Just wanted to let you know how much I appreciate all your help and advice over the years. Working from home, it is so nice to have a knowledgeable person like you for support. You are the best! [Alison is AOA’s Branch Manager in Alameda.] Valerie L.
As owners and managers of residential income property in Los Angeles, we have suffered an array of attacks on our private property rights, indignities at the hands of bureaucrats, and outright confiscations of wealth at the hands of the city and court system.
- Each year, evictions seem to take longer, are more costly, and tenants have ever greater resources and rights to cause costly delays.
- Our properties are forcibly and unconstitutionally inspected often resulting in demands for arbitrary upgrades with no consideration of cost.
- We are limited to rent increases at the “inflation rate” of three percent, while we watch our utility bills and construction costs rise by double digits.
- When we are unable to maintain ageing buildings with limited rents to the five star standards of the city, we are treated like criminals and our rents are confiscated into REAP.
- We are subject to often specious lawsuits for mold, discrimination or work related injury, all of which we must pay to insure against and to litigate.
- We are subject to fees for “rent stabilization” and “code enforcement”, and charged fines that would make the mafia blush if we do not pay on time.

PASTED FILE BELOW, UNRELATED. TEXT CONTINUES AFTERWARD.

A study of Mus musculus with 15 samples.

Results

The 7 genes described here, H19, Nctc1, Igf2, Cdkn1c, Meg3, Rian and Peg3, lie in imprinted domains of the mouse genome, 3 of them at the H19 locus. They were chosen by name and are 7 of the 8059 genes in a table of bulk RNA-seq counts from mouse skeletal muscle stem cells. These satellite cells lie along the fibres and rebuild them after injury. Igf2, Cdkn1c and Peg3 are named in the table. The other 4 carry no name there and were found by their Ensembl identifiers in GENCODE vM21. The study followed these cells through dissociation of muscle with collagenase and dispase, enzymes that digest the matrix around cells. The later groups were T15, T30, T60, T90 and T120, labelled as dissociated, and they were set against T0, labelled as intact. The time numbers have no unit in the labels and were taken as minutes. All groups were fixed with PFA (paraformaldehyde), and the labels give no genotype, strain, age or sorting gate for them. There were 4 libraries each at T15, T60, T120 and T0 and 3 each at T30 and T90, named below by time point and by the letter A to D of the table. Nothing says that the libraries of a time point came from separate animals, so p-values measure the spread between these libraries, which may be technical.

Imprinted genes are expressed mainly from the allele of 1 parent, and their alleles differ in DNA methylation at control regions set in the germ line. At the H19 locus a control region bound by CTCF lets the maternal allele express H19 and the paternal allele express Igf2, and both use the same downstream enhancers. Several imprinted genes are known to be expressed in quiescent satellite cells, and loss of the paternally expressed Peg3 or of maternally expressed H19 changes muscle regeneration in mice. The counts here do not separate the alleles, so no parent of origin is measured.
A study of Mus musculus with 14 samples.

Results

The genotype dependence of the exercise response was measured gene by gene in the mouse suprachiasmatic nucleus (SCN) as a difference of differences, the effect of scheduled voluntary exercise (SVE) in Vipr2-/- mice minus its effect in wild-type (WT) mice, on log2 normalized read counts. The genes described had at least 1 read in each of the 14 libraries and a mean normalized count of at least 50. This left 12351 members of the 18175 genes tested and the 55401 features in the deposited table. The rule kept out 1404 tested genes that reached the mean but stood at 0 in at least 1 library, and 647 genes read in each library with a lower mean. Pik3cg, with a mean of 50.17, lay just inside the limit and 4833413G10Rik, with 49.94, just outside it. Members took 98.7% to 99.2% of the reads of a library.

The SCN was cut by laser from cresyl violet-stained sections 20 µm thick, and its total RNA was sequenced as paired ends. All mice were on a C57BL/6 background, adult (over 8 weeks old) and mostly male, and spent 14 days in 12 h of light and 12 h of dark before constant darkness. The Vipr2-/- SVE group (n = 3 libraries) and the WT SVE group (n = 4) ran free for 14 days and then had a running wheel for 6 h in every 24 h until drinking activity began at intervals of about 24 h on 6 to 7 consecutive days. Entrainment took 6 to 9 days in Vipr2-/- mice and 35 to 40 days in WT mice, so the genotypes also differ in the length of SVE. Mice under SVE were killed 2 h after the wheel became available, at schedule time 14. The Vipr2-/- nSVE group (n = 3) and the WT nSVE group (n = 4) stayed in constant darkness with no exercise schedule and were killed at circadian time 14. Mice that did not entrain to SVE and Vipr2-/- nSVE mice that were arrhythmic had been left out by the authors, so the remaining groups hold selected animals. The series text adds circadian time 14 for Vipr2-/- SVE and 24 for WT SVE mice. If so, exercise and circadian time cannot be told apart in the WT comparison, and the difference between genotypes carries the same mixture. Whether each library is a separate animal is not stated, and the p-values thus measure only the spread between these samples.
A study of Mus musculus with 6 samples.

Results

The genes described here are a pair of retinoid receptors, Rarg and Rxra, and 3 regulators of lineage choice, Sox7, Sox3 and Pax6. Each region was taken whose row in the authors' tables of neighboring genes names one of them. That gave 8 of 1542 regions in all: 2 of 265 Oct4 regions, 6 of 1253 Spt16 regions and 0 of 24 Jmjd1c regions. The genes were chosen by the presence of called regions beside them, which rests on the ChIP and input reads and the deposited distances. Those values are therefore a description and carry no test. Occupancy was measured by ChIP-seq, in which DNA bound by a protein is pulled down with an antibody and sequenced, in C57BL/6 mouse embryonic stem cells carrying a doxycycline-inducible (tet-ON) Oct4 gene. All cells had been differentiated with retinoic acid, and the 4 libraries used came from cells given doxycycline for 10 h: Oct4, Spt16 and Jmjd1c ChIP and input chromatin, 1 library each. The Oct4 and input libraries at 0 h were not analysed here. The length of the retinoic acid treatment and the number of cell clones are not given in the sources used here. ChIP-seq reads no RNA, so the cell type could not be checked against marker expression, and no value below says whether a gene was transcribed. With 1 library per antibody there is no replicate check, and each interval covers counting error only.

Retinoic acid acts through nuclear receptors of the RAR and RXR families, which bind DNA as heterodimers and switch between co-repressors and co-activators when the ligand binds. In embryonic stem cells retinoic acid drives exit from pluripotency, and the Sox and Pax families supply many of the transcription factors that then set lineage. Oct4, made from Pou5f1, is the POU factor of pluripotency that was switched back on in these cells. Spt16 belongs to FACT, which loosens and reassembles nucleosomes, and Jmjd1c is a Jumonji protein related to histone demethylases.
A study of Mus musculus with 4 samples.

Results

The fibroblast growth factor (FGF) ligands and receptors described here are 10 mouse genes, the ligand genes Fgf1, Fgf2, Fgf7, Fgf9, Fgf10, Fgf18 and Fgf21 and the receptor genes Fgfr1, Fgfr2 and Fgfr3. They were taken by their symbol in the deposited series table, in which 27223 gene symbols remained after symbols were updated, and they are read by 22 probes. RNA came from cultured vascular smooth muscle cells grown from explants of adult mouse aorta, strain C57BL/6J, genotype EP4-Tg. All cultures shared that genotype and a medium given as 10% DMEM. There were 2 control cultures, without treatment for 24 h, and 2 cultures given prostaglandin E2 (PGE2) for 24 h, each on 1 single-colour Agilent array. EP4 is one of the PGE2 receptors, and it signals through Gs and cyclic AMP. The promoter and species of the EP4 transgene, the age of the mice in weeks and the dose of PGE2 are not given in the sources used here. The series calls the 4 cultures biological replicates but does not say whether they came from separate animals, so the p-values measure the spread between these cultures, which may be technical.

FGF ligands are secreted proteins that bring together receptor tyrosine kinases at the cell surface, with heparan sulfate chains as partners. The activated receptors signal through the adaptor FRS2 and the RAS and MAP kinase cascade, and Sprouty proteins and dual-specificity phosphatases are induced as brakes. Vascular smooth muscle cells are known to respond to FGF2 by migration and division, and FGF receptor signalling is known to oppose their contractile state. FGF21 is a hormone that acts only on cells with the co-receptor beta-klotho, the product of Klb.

- We are required to pay exorbitant “relocation fees” to tenants when we are no longer able to afford the cost of maintaining an older building, or simply because we would like our property back after a reasonable notice period.
In our society, when workers have a grievance, the result is commonly a strike. Fast food workers, hotel staff, auto workers all do it. Even government bureaucrats shamelessly demand-ing a larger share of our tax revenue in the face of an economic depression do it.
And yet, there has never been a strike by one of the most necessary yet maligned segment of our society: the provider of residential housing, a basic human necessity.
As we struggle to make ends meet in the face of rising taxes, junk fees, inflated material costs and legal costs, we are treated like criminals for our efforts. And to date, we have absorbed the abuse without much of a fight.
I hereby call on all landlords to rise up and push back. Each one of us must leave one unit, a “protest unit”, vacant. If each of us participated in this strike, we would create an enormous housing shortage and perhaps gain the leverage we need to reassert our God given rights to own and manage our properties without unconstitutional interference, tyranny and oppression.
We can gripe about our oppression and continue to suck it up and struggle to make ends meet, or we can take an active stance to roll back the abuse. The choice is yours. Miriam J
AOA: Miriam, I could not agree with you more! Owners inSan Francisco are doing just what you suggest only leaving more than just one unit vacant. Some even do it in L.A. The big problem is that most owners do not feel they can afford the loss of rent which prevents your great idea from ever happening.